I quit smoking - here are 6 reasons you should too
Margaret talks about 6 things smoking has stolen from her.
Many of my friends smoked. Our parents smoked too. It was just something people did back then – we didn’t know any better. However, like many long-term smokers I ended up falling ill as a result of my habit.
I was 54 when I was first admitted to hospital with a bad chest. I was told that my lung capacity was around 30%, and that it would only get worse if I continued smoking.
Even then, having already tried to quit smoking using hypnosis and acupuncture, I really struggled to stop. As we all know, smoking is very addictive.
Five years later I was admitted to hospital once more, and this time was told that my lung capacity was at just 15%. It had halved in only 5 years. Only then did I finally manage to kick the habit.
However, in many ways it was already too late. I’ve come to terms with the things that I now can’t do. However, although I live as full a life as possible, trying to focus on the things that I can do, I do still wish that I’d quit smoking before I did. As my doctor told me; the earlier you quit, the less damage you do to yourself.
If you smoke, I don’t blame you. It doesn’t automatically make you stupid, or bad or irresponsible. It does, however, mean that you have a good chance of ending up where I am.
So before you pick up your next cigarette, please just have a look at the 6 most valuable things smoking has stolen from me and ask yourself: are these things you’d be willing to lose for a smoke?
1. My identity
Smoking took away who I was in many ways. I always used to make the extra effort to help people out and I enjoyed my life doing that – that was who I was.
I can’t be that person any more. Now I have to stop and take a back seat. In the beginning I felt very down about this - I think most people probably feel like that when they get a COPD diagnosis.
I came to understand that I have to accept that I just can’t be the same person I was before. I’ve made peace with the new person that I am today. Obviously not every day is a happy day, but I have come to cope and adapt.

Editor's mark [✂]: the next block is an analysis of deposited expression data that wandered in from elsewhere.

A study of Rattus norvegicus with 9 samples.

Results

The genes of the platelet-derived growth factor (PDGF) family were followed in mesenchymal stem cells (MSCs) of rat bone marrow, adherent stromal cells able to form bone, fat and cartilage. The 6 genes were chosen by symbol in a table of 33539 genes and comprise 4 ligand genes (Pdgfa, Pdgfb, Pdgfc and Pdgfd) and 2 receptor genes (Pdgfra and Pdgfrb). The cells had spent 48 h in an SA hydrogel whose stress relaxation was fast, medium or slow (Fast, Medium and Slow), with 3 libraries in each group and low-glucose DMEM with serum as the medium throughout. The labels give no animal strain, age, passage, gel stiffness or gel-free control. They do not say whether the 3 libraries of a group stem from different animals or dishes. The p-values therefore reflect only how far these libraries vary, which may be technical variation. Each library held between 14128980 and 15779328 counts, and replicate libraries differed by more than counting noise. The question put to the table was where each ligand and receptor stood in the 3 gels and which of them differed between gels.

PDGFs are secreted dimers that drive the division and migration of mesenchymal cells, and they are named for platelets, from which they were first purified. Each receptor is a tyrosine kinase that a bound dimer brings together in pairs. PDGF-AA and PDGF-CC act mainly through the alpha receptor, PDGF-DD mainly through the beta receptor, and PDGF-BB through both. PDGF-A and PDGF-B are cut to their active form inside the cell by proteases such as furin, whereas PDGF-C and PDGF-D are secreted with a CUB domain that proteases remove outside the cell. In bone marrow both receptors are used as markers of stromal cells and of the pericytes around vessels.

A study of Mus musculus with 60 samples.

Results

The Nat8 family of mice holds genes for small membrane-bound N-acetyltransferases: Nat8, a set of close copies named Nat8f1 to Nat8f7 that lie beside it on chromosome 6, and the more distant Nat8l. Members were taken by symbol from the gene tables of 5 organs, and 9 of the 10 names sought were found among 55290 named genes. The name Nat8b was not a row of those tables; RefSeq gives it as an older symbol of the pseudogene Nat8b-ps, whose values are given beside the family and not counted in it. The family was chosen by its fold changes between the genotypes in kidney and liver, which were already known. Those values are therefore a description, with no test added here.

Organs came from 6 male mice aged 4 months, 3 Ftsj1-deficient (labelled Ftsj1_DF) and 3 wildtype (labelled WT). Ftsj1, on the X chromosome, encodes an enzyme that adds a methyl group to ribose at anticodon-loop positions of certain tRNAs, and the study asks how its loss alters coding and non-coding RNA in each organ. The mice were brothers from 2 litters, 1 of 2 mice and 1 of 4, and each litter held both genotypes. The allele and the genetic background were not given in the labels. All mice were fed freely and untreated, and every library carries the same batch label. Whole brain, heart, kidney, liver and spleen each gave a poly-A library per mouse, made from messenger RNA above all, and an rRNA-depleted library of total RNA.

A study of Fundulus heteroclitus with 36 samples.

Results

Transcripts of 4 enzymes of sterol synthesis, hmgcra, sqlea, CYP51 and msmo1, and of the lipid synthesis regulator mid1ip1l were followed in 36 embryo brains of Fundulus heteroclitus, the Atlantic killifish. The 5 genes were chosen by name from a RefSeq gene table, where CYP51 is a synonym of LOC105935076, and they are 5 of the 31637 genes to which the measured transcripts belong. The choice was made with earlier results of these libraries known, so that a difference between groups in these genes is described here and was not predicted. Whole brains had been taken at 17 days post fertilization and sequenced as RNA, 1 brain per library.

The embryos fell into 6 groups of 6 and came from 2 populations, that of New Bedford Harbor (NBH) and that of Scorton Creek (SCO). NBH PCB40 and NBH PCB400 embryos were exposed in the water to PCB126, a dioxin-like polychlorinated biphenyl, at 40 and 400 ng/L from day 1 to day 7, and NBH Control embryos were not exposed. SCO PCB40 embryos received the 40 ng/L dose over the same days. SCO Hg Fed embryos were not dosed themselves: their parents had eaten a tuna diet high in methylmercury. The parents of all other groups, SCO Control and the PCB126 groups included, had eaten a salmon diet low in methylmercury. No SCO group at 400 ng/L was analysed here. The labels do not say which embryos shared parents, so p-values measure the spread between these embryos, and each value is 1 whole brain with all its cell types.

2. My house
I moved to a bungalow because having 15% lung capacity means I have to avoid stairs. I really miss my home: the home where I spent many happy years; the home where my children grew up.
I dread one day being housebound and unable to do anything for myself. I enjoy my independence and I know one day I might have to go to a nursing home - but I really hope that won’t happen. I keep that in the back of my head to make sure I stay positive.
3. My job
I loved my job, but 5 years after first being admitted to hospital I had to give it up. The chest specialist was very surprised when I asked for a 'sick note' for work as he couldn't believe that I was still working full-time. He said that it would be impossible for me to return.
4. My strength
It takes me 2 hours to get up and out of bed in the morning. I find simple things like getting up, washing or even brushing my hair exhausting. I am reliant on my scooter if I want to go to the shops. I have to give myself extra time to do physical things as my condition means I do everything at a snail’s pace.
5. My social life
I'm a very social person but now I only really have enough energy to see my friends once a week. Trips to the theatre, for example, are normally out of the question as they often involve flights of stairs.
As for holidays, I now have to have oxygen on hand if I ever want to fly on a plane - an extra hassle I didn't have to deal with before. It makes going on holiday stressful when it should be relaxing!
6. My father
I recently discovered that my father died from the same disease I live with – COPD. Apparently, over a quarter of long-term smokers end up with COPD, and others often get diseases like lung cancer or heart disease. Knowing that smoking took my father makes me look to my grandchildren through different eyes.
In a way, I’m grateful to still be here and see them grow up at all. However, I can’t run around and play with them the way I’d like to. I can’t tell you how much I would hate it if any of them took up smoking.
If you're trying to quit smoking, check out our smoking information or call our helpline on 03000 030 555.